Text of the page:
If you are an employer, you will be aware that the new government has announced major reforms to employment laws, including the significant rollback of laws brought in under the previous government.
One of the most significant changes is the removal of the right to use trial periods for businesses with 20 or more employees.
Under the Employment Relations Act 2000, as it currently stands, any employer can implement a 90-day trial period for new employees, as long as it is agreed to by the employee before they commence their employment.
Currently, the act states that where a 90-day trial period has been agreed to by the employee, the employee has no right to bring a personal grievance claim if they are dismissed within the trial period. This is a considerable contrast to the strict rules that apply to the dismissal of employees in the absence of a trial period.
Accordingly, if you own and run a small business (i.e., less than 20 employees) you can protect your business from an unjustified dismissal action when taking on new employees. Trial periods allow small businesses to ‘give employees a go’ with the comfort of knowing that if they dismiss the employee during that trial period, they are effectively immune from the otherwise strict laws relating to dismissal.
However, under the new legislation, larger businesses (i.e., 20 or more employees) will be returned to the previous position which did not allow trial periods. This means that any dismissal must be justifiable, regardless of how long the employee has been at the company. If you are an employer in a business of this size, you will need to be more careful about who you choose to employ because your ability to dismiss them will be restricted.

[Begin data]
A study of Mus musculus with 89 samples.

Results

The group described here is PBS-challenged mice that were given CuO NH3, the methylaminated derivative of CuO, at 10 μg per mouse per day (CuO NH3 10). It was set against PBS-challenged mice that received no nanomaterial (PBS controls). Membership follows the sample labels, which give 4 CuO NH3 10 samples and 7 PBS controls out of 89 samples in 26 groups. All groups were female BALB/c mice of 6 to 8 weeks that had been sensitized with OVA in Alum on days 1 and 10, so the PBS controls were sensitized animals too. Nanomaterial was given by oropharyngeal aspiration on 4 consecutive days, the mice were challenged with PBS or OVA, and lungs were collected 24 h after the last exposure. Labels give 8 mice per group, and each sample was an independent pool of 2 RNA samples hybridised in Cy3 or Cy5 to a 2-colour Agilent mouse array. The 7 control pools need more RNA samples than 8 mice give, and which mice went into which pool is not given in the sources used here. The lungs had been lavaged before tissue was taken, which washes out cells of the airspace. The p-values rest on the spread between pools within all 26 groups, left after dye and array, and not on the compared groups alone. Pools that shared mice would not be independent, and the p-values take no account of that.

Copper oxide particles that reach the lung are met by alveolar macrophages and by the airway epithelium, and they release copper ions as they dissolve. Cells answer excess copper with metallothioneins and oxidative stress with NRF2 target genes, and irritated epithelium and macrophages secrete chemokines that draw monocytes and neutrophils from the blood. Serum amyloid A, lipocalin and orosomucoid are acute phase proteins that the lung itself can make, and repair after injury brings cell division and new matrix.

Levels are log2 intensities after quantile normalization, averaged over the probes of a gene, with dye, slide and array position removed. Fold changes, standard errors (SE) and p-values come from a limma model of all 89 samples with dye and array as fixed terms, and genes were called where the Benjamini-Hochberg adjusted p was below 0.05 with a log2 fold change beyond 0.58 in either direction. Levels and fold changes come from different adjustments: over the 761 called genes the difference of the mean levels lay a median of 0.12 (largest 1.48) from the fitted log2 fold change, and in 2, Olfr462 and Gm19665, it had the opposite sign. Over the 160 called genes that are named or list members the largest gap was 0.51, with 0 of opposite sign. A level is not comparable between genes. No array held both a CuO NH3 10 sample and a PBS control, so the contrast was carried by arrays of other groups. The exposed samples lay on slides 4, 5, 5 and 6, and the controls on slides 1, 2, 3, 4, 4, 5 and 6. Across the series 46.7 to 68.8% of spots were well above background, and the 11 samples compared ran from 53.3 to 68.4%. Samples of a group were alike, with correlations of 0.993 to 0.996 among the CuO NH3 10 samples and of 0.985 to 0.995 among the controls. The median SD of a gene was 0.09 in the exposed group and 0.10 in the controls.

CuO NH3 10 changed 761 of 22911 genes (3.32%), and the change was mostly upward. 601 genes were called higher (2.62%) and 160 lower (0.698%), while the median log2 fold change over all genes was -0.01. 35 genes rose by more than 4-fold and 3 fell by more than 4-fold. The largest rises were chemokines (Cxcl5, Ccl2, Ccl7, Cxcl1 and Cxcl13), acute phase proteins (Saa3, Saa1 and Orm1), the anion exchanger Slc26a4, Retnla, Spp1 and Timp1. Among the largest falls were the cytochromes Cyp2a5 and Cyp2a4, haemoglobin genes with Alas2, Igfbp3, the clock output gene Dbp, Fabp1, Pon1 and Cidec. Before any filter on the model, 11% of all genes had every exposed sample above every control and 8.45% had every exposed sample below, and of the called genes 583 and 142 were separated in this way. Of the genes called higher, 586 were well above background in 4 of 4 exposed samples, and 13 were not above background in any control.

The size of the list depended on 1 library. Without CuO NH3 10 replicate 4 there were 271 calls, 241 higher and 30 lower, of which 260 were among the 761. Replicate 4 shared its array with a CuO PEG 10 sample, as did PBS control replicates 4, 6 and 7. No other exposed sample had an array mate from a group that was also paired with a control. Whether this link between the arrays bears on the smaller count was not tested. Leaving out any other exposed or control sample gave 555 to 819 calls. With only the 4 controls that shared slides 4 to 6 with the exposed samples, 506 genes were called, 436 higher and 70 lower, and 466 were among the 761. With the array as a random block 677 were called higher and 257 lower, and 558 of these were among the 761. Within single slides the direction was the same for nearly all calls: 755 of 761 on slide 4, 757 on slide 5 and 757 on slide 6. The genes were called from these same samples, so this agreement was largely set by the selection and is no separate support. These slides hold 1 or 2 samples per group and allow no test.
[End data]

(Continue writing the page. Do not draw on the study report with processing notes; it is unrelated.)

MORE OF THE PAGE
The aim of the legislation is to “restore key minimum standards and protections for employees,” according to Workplace Relations Minister Iain Lees-Galloway, the MP responsible for the bill. This is reflective of the sentiment of the bill as a whole, which also introduces a number of changes concerning collective bargaining and union rights and powers.
Other changes expected to come from the reform include the reinstatement of statutory breaks. Under the current law, employees are entitled to rest breaks and meal breaks as frequently and at a time that is appropriate for the duration of the employee’s work period. The new legislation will see a reduction in the discretion afforded to employers.
This article is brief and general in nature. You should not treat this article as legal advice and should seek professional advice before taking any action in relation to the matters dealt with in this article. Armstrong Murray accepts no liability for losses suffered by any person or organisation who may rely directly or indirectly on this article.